Aug. 30 (UPI) -- Stone tools recovered from an archaeological dig in western Idaho suggest humans were living in the region at least 16,000 years ago, 1,000 years earlier than previously thought.
The discovery, published Friday in the journal Science, supports the theory that the earliest human migrations into the Americas followed a Pacific coastal route, not an inland ice-free corridor.
The ancient stone tools and other artifacts were found at what's known as the Cooper's Ferry dig site, which is located on the Salmon River. In western Idaho, the Salmon River joins the Snake River before flowing into the larger Columbia River basin, which delivers the region's water to the Pacific.
"Early peoples moving south along the Pacific coast would have encountered the Columbia River as the first place below the glaciers where they could easily walk and paddle in to North America," Loren Davis, a professor of anthropology at Oregon State University, said in a news release. "Essentially, the Columbia River corridor was the first off-ramp of a Pacific coast migration route."
In addition to stone tools, archaeologists found charcoal, fire-cracked rock and fossil fragments belonging to medium-sized and large-bodied animals. The artifacts were recovered from the lower of the two dig areas at Cooper's Ferry, which is managed by the U.S. Bureau of Land Management.
The artifacts were recovered from the lowest layers of the dig site, dating between 15,000 and 16,000 years old.
Until now, the oldest evidence of the peopling of the Americas -- collected from other dig sites -- were dated to 14,000 years old.
"When I first saw that the lower archaeological layer contained radiocarbon ages older than 14,000 years, I was stunned but skeptical and needed to see those numbers repeated over and over just to be sure they're right," Davis said. "So we ran more radiocarbon dates, and the lower layer consistently dated between 14,000 and 16,000 years old."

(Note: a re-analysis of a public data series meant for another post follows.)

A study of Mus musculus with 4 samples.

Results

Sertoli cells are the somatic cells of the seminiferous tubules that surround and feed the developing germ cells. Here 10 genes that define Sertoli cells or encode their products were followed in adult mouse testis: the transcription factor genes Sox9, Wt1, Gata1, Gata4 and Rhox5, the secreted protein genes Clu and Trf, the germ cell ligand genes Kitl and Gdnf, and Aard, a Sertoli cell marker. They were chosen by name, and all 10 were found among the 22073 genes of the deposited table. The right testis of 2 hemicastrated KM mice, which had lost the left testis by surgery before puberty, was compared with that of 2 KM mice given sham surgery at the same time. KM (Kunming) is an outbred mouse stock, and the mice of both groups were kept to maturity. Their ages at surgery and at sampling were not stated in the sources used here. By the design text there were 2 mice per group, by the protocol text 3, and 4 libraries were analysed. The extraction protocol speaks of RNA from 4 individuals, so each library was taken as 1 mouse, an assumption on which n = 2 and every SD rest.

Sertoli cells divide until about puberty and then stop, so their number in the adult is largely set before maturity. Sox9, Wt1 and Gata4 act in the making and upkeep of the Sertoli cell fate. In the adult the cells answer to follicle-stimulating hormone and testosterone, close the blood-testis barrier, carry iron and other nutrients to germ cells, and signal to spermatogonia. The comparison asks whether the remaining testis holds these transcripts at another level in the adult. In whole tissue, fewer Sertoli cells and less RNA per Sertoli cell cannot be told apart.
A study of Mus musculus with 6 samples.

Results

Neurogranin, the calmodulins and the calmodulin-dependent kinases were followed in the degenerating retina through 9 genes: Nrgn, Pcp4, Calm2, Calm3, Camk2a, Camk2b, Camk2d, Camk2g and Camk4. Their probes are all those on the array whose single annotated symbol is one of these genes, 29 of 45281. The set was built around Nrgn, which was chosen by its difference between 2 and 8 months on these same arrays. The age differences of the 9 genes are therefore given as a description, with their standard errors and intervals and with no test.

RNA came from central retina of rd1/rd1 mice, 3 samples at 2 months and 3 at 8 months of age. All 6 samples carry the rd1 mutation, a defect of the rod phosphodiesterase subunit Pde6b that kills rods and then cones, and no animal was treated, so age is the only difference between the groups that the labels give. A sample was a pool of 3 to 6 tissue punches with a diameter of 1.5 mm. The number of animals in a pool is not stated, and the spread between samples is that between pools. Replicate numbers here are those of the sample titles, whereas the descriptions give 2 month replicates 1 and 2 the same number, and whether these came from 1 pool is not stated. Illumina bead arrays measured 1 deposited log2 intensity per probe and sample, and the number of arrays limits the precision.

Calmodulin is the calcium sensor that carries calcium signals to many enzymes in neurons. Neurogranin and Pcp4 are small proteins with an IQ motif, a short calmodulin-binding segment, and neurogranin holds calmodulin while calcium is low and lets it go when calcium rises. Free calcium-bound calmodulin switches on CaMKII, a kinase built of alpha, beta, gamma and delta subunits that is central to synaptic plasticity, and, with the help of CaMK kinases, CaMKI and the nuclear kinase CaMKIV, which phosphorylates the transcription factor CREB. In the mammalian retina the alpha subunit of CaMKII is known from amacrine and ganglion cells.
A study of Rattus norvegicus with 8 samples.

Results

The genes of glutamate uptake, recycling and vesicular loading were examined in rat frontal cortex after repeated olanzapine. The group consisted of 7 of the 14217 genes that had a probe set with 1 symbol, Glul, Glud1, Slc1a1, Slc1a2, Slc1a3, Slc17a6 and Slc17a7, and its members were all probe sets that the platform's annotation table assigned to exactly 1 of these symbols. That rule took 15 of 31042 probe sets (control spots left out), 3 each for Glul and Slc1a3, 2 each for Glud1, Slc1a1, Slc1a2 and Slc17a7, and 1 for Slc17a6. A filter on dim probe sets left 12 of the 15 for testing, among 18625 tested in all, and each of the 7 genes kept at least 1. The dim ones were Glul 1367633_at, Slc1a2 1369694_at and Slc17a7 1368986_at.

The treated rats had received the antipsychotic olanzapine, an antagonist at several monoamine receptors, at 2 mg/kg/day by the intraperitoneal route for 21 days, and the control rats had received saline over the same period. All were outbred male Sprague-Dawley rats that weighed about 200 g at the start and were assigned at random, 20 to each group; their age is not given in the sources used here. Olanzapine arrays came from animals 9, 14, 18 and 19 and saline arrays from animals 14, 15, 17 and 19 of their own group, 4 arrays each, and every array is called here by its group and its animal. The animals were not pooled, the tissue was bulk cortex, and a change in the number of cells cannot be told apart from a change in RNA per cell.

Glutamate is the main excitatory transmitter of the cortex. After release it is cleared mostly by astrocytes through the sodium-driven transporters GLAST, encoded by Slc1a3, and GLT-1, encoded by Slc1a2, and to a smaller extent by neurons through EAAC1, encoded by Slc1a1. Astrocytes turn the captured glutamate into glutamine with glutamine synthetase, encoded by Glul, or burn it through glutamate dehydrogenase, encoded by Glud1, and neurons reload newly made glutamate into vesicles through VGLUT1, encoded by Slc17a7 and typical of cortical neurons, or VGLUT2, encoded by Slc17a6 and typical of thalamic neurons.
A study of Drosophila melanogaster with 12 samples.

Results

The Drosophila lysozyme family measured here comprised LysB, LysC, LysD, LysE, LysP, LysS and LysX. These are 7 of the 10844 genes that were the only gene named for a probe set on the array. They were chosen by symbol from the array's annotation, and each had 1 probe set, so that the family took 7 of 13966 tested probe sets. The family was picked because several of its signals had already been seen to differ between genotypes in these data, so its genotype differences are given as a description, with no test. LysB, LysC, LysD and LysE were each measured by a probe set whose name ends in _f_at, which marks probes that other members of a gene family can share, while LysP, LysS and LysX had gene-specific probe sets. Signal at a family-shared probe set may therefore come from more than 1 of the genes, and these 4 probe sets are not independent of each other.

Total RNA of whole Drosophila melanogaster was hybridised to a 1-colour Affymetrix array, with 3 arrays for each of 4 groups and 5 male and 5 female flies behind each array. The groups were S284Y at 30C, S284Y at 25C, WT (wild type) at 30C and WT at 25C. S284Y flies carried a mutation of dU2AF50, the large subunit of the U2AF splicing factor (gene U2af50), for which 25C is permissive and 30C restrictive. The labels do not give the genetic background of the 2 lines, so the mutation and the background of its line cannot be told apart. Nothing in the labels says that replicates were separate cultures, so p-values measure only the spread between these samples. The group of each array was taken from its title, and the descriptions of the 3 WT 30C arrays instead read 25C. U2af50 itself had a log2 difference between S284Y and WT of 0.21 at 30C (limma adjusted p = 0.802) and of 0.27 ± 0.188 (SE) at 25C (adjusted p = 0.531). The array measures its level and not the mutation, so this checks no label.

The research challenges the "Clovis First" theory, which posits the earliest human migrators came from Siberia across the Bering land bridge and then south through an opening in the ice sheet located near the present day Dakotas.
Scientists estimate the corridor wasn't ice free until 14,800 years ago.
"Now we have good evidence that people were in Idaho before that corridor opened," Davis said. "This evidence leads us to conclude that early peoples moved south of continental ice sheets along the Pacific coast."
Archaeologists also recovered tooth fragments belonging to an extinct species of horse that lived in North America at the end of the last glacial period. According to Davis, the find makes Cooper's Ferry the the oldest radiocarbon-dated site in North America where bones of extinct animals have been recovered.
"We have 10 years' worth of excavated artifacts and samples to analyze," Davis said. "We anticipate we'll make other exciting discoveries as we continue to study the artifacts and samples from our excavations."